Before self-government in Canberra, there were two constants to the civil service and politics in the nation's young capital: Sir Robert Menzies and the Kingslands.
The death of Lady Kathleen "Ki" Kingsland on July 4 at the grand age of 101 marked the passing of a remarkable woman and the closing of an important chapter in Canberra's growth and history.
Mr Ross Kingsland, now retired after almost three decades of service with the CSIRO, said his mother will be remembered as a vital, energetic woman who provided a vital anchor point for her husband's stellar career.
Born Julius Cohen, Sir Richard adopted the surname of his stepfather and became a skilled pilot, rising quickly through the ranks to that of Australia's youngest Group Captain. He left the air force to become one of Canberra's most capable and respected senior administrators. He died in 2012 at the age of 95.
The couple had been married for 69 years.
"They were really an amazing team," Mr Kingsland said.
"My father met my mother at a social event at Rathmines air base near Lake Macquarie in NSW, where he was the commanding officer."
Group Captain Kingsland was also the social event organiser so would extend an invitation to serving personnel from surrounding areas including, of course, the ladies from the local Women's Auxiliary Air Force.
Kathleen Adams, too, had joined the air force and quickly rose to officer rank at the New Lambton base near Newcastle, training US troops in the art of tracking aircraft.
"My father saw my mother across a crowded room and told his friends: 'I'm going to marry that girl'," daughter Deborah Kingsland said.
"It was a whirlwind courtship; she married my father just three months after meeting him."
After leaving a distinguished military career, Sir Richard became the first manager of Sydney Airport and upon joining the Commonwealth civil service, rose quickly into senior management roles. The young couple moved to Canberra in 1959.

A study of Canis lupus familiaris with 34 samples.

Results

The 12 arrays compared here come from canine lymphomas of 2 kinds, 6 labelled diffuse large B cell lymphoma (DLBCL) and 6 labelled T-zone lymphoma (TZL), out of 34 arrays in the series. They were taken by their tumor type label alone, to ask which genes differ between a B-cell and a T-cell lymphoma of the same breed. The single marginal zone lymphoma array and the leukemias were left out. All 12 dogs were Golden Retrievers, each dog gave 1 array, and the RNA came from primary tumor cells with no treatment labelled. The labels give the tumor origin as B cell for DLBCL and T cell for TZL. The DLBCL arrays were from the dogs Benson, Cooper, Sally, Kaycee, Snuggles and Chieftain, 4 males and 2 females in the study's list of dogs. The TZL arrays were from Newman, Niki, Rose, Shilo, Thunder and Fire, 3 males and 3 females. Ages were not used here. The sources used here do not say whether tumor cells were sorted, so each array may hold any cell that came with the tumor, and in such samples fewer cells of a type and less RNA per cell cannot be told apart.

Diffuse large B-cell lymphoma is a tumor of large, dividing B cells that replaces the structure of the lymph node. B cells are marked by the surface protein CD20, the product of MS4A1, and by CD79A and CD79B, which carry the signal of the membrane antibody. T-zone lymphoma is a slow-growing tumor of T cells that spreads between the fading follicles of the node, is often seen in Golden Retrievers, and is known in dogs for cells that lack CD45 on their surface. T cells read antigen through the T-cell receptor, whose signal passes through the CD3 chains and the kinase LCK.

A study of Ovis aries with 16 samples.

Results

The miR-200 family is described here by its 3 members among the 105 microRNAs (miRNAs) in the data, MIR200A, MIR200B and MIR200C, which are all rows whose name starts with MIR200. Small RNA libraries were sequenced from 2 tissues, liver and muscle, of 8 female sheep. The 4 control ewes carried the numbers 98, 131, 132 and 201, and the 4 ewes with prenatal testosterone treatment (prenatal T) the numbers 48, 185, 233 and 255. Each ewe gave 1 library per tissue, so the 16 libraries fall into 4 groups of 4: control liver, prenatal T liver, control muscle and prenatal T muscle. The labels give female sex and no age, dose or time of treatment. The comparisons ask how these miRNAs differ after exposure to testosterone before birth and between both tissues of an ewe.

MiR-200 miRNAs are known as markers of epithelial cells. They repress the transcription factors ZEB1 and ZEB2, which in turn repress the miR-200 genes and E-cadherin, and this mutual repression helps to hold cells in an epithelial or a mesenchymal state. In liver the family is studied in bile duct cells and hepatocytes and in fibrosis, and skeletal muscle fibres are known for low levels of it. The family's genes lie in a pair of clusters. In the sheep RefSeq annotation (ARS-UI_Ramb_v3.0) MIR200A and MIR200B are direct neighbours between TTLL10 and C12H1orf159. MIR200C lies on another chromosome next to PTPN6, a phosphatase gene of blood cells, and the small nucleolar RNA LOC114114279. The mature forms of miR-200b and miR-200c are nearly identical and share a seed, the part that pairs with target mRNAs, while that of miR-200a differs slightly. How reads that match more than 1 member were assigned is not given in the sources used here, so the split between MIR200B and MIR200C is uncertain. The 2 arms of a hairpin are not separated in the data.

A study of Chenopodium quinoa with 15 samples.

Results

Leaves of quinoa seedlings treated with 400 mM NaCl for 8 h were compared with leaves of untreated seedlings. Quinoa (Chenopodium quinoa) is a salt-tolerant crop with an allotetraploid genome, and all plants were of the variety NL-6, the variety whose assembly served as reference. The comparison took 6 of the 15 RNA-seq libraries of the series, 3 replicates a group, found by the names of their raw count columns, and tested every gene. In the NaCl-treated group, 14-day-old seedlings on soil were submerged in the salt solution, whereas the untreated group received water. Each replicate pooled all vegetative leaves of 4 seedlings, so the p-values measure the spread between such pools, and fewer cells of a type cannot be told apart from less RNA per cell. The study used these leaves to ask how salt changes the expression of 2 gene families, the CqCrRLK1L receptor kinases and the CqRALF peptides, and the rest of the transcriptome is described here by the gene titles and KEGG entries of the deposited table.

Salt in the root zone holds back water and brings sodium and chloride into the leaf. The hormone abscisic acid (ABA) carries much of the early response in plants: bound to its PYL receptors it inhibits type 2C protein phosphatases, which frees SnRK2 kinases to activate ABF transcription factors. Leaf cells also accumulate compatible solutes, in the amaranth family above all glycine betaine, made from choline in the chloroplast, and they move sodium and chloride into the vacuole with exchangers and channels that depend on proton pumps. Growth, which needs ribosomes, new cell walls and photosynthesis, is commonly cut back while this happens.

Such were his skills as an energetic and innovative administrator, Sir Richard was one of Canberra's most sought-after senior public servants and was knighted for his services in 1978.
Throughout her husband's busy career, Lady Kathleen raised three children and provided a rockbed of support that Ross Kingsland described as "so hugely important to my father".
As her husband's career took the family around Australia and to England, she packed up and moved the family 27 times to make a new home elsewhere.
"My mother grew up in Adelaide and lost her own mother at age 15. She always had this calm determination and resilience," Ross Kingsland said.
"She could mix in any social circle and would engage with people regardless of what walk of life they were from.
"My parents came from a generation which genuinely believed that those who are blessed with fortunate and successful lives should give back to the community and help others.
"So after my father retired from the public service, which everyone had to do back then at age 65, that's what they did.
"A quiet retirement was out of the question for my father and my parents became even busier with government committees, charity and community work."
The Kingslands were strong supporters of the arts. Among the many organisations which benefited from the Kingslands' patronage and support were the Canberra School of Art, the Canberra Symphony Orchestra, the Canberra School of Music, Barnardos Australia, the Australian War Memorial and the National Heart Foundation.
The Kingsland residents arts program in Canberra continues to provide support for Australia's outstanding violinists seeking to develop their professional careers.
A memorial service will be scheduled for Lady Kathleen on August 16.